41 “Two people owed money to a certain moneylender. One owed him five hundred denarii, and the other fifty. 42 Neither of them had the money to pay him back, so he forgave the debts of both. Now which of them will love him more?”
43 Simon replied, “I suppose the one who had the bigger debt forgiven.”
“You have judged correctly,” Jesus said.
44 Then he turned toward the woman and said to Simon, “Do you see this woman? I came into your house. You did not give me any water for my feet, but she wet my feet with her tears and wiped them with her hair. 45 You did not give me a kiss, but this woman, from the time I entered, has not stopped kissing my feet. 46 You did not put oil on my head, but she has poured perfume on my feet. 47 Therefore, I tell you, her many sins have been forgiven—as her great love has shown. But whoever has been forgiven little loves little.”
48 Then Jesus said to her, “Your sins are forgiven.”49 The other guests began to say among themselves, “Who is this who even forgives sins?” 50 Jesus said to the woman, “Your faith has saved you; go in peace” (Luke 7:41-50, ESV).
In this parable, Jesus is the moneylender, and the debtors are metaphors for sinners. A denarius equivalent of one day’s working wage for the common man. So, one owed about 15 month wages and another owed just over a month-and-a-half’s worth.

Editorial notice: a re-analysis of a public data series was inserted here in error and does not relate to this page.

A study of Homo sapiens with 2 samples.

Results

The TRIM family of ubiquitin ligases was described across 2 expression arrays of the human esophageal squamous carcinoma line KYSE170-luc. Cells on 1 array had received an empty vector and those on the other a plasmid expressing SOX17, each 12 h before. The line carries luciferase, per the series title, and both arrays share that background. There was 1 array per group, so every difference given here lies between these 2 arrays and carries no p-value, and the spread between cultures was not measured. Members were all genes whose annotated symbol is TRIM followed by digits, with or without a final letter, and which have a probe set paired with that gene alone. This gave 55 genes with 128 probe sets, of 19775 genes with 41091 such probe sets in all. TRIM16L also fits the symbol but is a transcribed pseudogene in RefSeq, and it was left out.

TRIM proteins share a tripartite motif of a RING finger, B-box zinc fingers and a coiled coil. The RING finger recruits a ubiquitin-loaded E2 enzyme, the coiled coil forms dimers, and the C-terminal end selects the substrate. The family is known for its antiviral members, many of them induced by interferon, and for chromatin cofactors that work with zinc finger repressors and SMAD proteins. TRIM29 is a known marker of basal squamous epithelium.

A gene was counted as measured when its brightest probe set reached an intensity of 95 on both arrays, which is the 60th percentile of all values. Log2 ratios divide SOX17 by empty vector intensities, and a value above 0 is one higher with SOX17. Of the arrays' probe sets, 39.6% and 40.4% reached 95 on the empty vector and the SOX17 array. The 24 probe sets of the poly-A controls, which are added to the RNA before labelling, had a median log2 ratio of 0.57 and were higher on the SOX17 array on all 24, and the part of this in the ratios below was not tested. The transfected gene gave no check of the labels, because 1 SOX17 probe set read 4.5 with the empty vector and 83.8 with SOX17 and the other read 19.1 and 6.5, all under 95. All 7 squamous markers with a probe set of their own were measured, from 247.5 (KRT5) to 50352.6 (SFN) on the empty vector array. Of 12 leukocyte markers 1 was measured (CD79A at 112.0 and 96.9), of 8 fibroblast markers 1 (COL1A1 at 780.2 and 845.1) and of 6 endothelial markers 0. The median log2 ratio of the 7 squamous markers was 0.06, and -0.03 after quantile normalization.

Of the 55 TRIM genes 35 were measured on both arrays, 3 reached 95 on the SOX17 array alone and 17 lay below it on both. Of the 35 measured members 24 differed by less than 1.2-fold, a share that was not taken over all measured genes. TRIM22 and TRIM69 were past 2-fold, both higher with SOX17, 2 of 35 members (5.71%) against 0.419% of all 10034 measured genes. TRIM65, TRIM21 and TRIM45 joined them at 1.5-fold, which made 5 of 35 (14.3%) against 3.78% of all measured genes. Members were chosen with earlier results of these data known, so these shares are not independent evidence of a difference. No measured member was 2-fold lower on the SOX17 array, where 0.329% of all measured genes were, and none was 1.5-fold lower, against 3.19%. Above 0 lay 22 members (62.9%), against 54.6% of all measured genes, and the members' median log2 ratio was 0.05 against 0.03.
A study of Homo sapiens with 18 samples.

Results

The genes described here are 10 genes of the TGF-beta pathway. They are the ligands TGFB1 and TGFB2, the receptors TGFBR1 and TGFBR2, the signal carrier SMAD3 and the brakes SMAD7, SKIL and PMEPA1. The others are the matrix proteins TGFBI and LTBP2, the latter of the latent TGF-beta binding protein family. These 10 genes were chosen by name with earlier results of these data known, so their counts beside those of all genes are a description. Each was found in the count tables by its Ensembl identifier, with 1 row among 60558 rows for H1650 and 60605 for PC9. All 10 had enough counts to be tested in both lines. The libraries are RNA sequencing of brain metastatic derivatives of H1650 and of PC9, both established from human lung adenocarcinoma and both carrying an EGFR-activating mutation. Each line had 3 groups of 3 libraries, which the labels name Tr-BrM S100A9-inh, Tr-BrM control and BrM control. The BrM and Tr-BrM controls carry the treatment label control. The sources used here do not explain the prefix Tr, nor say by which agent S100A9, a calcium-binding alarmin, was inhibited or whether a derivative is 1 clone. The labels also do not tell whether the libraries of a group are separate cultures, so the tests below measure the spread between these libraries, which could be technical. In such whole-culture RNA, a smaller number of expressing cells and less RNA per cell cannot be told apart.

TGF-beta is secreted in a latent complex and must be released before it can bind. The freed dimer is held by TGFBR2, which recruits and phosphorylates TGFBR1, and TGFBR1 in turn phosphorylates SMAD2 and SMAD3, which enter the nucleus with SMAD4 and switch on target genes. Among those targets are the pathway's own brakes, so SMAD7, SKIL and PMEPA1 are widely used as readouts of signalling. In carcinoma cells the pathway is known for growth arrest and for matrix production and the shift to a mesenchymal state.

In this parable, the woman was a 500 sinner, Simon a 50 sinner. Jesus does not say that Simon’s sins were less, he is saying that the woman understood the gravity of her sin-debtedness, and Simon did not. Therefore, the woman loved Jesus more than Simon did because (1) she saw the weight of her sin, and (2) she saw the grace of the Savior.
Kent Hughes in his commentary talks about how many try to submit the currency of our own making in order to gain favor with God:
- Integrity: “God, I work with compulsive liars. The only honest man I know is myself. Surely I’m acceptable.”
- Domestic currency: “In this X-rated world, my life is a wholesome G. I’m faithful to my wife. I love her and my children. I am a good husband, father, and son. I reckon that’s all I need.
- Social currency: “I’m truly color-blind. My money (lots of it!) goes to the needy. I volunteer at the crisis pregnancy center. I really do care. The world needs more people like me, and so does heaven.”
- Church currency: “I live at the church. I’m there everytime the door is opened. I’m on 15 teams. My goodness will surely be accepted.”
The moral to this parable is that we are all broke and in a massive amount of debt that we cannot repay. The woman realized that she could never pay what she owed—so God paid it all through the sacrifice of His Son Jesus. Simon saw himself in comparison to other people and didn’t think Christ had to work that hard to pay for his sins. He was in ministry, went to seminary, and considered the expert.
Yet Christ tells us that we are broke, something Simon missed.
Where are we in this story? Do we see our great sin but God’s greater grace? Or do we believe that Christ’s death was only for the bigtime bad people?
Whether you are a 500 sinner or a 50 sinner depends on how you see your sin. If you see it as no big deal, you’re a 50 sinner and your love for Christ will be smaller. But if you are a 500 sinner, and see His grace? Nothing can contain the immensity of your love for Jesus.
Jesus is enough to rescue you and pay your debt.